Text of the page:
Saturday, February 04, 2012

Combating banana pests in PNG


AusAID’s Agriculture and Innovation Grant Scheme (AIGS) continues to play a major role in developing agriculture and agricultural methods in Papua New Guinea, The National reports.
The scheme, which has changed the livelihoods of many rural Papua New Guineans, is once again in the forefront of another innovative project, this time funding the Banana Scab Moth (BSM) and Banana Fruit Fly (BFF) management farmer training in East New Britain (ENB).
The project, which is estimated at more than K143, 000 will be undertaken collaboratively by the University of Natural Resources & Environment (UNRE) as lead organisation; and National Agricultural Research Institute (NARI) as partner 1.
It aims to introduce farmers to a systematic combined management approach to contain the two pests, increase banana production and improve their (farmers) livelihoods through increased income.
The university’s farmer training arm, Kairak Vudal Resource Training Centre (KVRTC) is listed as partner 2 and is responsible for the actual training of farmers.
According to project initiator, former UNRE lecturer Dr Mark Ero, the pests were serious threats in ENB.
Ero, who was speaking at an introductory meeting of project partners last Friday, said because the Cocoa Pod Borer had affected the production of cocoa, the province’s mainstay cash crop, it was important that alternative cash crops were introduced to sustain the provincial economy.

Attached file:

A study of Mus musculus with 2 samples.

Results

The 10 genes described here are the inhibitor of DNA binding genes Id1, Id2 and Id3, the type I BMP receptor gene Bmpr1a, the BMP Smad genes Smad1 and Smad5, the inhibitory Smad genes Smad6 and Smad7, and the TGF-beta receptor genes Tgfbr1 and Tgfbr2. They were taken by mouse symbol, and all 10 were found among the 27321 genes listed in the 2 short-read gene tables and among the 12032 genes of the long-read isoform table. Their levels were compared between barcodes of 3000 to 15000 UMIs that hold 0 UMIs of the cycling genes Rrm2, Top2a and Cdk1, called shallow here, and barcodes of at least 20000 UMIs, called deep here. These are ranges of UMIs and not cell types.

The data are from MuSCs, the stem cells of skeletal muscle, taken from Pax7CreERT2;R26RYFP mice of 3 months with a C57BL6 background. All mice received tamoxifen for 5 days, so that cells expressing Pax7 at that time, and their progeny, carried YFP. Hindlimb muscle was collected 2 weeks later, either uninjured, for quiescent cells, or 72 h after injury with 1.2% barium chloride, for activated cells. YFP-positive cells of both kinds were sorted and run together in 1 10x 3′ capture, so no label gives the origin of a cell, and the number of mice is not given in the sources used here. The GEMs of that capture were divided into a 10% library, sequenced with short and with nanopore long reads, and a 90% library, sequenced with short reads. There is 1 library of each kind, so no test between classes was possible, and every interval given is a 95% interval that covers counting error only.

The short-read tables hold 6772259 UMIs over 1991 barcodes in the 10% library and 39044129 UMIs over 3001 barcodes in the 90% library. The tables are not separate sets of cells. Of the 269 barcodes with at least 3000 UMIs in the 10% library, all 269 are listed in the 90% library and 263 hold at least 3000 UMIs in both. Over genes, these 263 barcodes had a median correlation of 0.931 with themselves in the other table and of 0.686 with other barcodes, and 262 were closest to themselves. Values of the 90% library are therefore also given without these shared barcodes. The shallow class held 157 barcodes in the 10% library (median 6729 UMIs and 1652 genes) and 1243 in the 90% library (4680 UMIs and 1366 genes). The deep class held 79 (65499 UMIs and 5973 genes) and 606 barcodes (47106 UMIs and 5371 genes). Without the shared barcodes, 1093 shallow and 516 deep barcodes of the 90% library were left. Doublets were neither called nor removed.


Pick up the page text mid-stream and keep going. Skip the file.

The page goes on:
“Banana can be one such alternative crop to help farmers earn an income, particularly because of its importance and high diversity in the province,” he said.
“Like any other crop, though, it has its pests, so this project will train farmers how to manage these pests to increase their production.”
While UNRE through Ero initiated the project, the technology of a local pole injector as a cheaper alternative to the commercial bell injector used in developed countries, was developed by NARI’s Islands Regional Centre in Kerevat.
It will be used to apply chemicals at fruit onset to control BSM (Nacolea octasema Myerick).
This technology will be used together with other field hygiene approaches as a single management package to concurrently manage both pests.
Explaining the combined management strategy, Ero said once the spraying was done, farmers would also need to remove dead leaves from the stem of the banana to eliminate the possibility of the adult moths hiding and the pupae developing.
To contain BFF (Bactrocera musae Tryon), which occurs when the banana is mature, farmers must cover spray once all fingers are formed.
The cover spray prevents other minor pests as well.
Ero said the banana bunch must be bagged before maturity; and weeds and debris must be removed from around the perimeter of the plants to disrupt the breeding cycle,” he said.
“But the timing is critical.
“You must know when to carry out each step and that is where the training comes in.”
Reiterating Ero’s comments, NARI’s John Bokosou, said the success of the pest management strategy depended on the commitment of the farmers themselves.
He said the current success rate of the approach observed through trials was about 90% and with alert management, farmers could take this to 100% retention of the banana bunch.
“However, they themselves must be committed to follow all the steps at the right time,” Bokosou said.
About 200 farmers are expected to be trained under the project by the end of April.
The training will also include awareness on cross-cutting issues such as gender equity, HIV/AIDS and good nutrition.
Ero, who is leaving the university this week to take up a new job offer, wished all team members the best in the project.
Another UNRE lecturer, James Aipa, will take over as caretaker project leader.